Author: Adam Shappard
Common Names: N/A
Native Distribution: South America and north into Mexico
Aquarium Placement: Midground to background
Requirements: Medium to high light, soft water, water column fertilization, and CO2 addition
The name fluviatilis refers to being associated with rivers, and in nature Tonina fluviatilis is typically found in shallow water growing as floating mats in slow-moving streams. There are many variants of T. fluviatilis having different-sized leaves, as well as variegated varieties. Several of these are popular in the Asian hobby and can be obtained through other hobbyists and collectors.
Note that there are some plants being circulated as Tonina that are not members of the genus. Tonina is a monotypic genus (only one species) and all variants of T. fluviatilis have the same unmistakable growth appearance and inflorescence. Plants carrying the trade names of “Belem,” “Manaus,” and “Lago Grande” (for example) are likely misnamedSyngonanthus species and differ from Tonina in several ways, with differences in the inflorescence being the most evident.
Although not often seen in aquascape competitions, T. fluviatilis can provide a bright-green accent in the mid- to background of a layout, or it could provide a unique and attractive appearance in a large grouping.
T. fluviatilis enjoys soft water; a low KH (4 or less) and low to moderate GH (3 to 8) are prerequisites. The choice of substrate is not overly important because T. fluviatilis is not a strong root feeder, but acidic substrates effectively condition the aquarium and help maintain the general requirement of soft water. Substrates that are known to leach carbonates are not recommended.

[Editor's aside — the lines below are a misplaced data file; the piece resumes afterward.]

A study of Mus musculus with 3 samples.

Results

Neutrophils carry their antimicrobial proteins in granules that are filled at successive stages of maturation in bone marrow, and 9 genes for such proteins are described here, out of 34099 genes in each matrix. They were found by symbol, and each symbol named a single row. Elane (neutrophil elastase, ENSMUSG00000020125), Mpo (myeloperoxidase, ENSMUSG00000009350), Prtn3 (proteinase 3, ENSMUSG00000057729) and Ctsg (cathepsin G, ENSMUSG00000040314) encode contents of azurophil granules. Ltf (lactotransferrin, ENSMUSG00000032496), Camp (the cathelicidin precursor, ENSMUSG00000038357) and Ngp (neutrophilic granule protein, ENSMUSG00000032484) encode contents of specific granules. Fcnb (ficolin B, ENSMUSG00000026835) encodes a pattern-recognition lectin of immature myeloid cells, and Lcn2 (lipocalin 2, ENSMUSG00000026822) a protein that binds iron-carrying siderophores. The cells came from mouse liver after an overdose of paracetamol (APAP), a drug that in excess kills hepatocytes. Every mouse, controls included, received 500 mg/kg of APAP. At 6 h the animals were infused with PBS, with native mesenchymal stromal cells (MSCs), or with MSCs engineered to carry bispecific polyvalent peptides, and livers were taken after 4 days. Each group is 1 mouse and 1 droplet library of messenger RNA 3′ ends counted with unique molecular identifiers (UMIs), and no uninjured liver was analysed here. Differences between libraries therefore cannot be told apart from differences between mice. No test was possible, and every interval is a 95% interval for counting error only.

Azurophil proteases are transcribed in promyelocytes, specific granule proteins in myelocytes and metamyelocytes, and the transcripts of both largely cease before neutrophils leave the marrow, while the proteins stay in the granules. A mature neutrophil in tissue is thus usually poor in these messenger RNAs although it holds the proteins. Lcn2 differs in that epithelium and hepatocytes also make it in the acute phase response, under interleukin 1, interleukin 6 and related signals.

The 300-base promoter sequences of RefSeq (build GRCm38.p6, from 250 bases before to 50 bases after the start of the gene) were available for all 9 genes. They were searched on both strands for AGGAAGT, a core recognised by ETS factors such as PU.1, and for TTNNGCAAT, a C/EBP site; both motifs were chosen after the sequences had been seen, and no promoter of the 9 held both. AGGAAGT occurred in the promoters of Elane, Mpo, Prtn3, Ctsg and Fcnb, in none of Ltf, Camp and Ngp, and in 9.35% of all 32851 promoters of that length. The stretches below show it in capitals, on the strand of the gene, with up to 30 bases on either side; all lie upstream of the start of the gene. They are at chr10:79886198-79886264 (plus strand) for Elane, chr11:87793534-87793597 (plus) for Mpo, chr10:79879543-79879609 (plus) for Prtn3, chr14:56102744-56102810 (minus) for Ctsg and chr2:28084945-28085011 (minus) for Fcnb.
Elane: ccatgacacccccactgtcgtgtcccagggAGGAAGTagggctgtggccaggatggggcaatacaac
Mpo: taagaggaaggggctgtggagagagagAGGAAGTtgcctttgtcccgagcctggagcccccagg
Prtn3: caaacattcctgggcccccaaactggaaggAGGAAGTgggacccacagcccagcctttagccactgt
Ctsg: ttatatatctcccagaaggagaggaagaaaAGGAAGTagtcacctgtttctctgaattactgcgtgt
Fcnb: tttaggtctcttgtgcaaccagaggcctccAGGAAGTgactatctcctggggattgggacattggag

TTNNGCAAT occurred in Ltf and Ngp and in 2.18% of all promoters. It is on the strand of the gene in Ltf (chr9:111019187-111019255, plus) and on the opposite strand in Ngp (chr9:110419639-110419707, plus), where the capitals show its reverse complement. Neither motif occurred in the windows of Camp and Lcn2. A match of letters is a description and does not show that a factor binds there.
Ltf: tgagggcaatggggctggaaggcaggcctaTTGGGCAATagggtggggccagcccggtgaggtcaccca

Lighting for T. fluviatilis does not need to be intense, but moderate to high light is recommended for best appearance. The growth rate is not particularly rapid, but the upright stems will eventually reach the surface of the water given the chance.
Water column fertilization is beneficial to T. fluviatilis, but beyond soft water, its needs are not particularly difficult to meet. Balanced amounts of nitrogen, potassium, and phosphate should be present. Light fertilization is appropriate, as this species is not a greedy feeder compared to other stem plants. For best appearance and color, micronutrients, including iron, should be available in the water column. CO2 addition is highly recommended for the health and appearance of the stems.
Side shoots will appear as the stems mature, and you may snip these off and plant them as short 1- to 3-inch clippings in the substrate. Small clippings will grow out and look best; longer clippings may develop fuzzy water roots or take on a ratty appearance as they grow.
Notes: Due to its upright growth pattern, T. fluviatilis looks nice in a tight grouping of stems staggered by height. The tightest grouping can be achieved by leaving side shoots intact on stems, snipping the tops and replanting them in front. Make sure water flow is adequate and that light is bright enough to reach the bottoms for best health.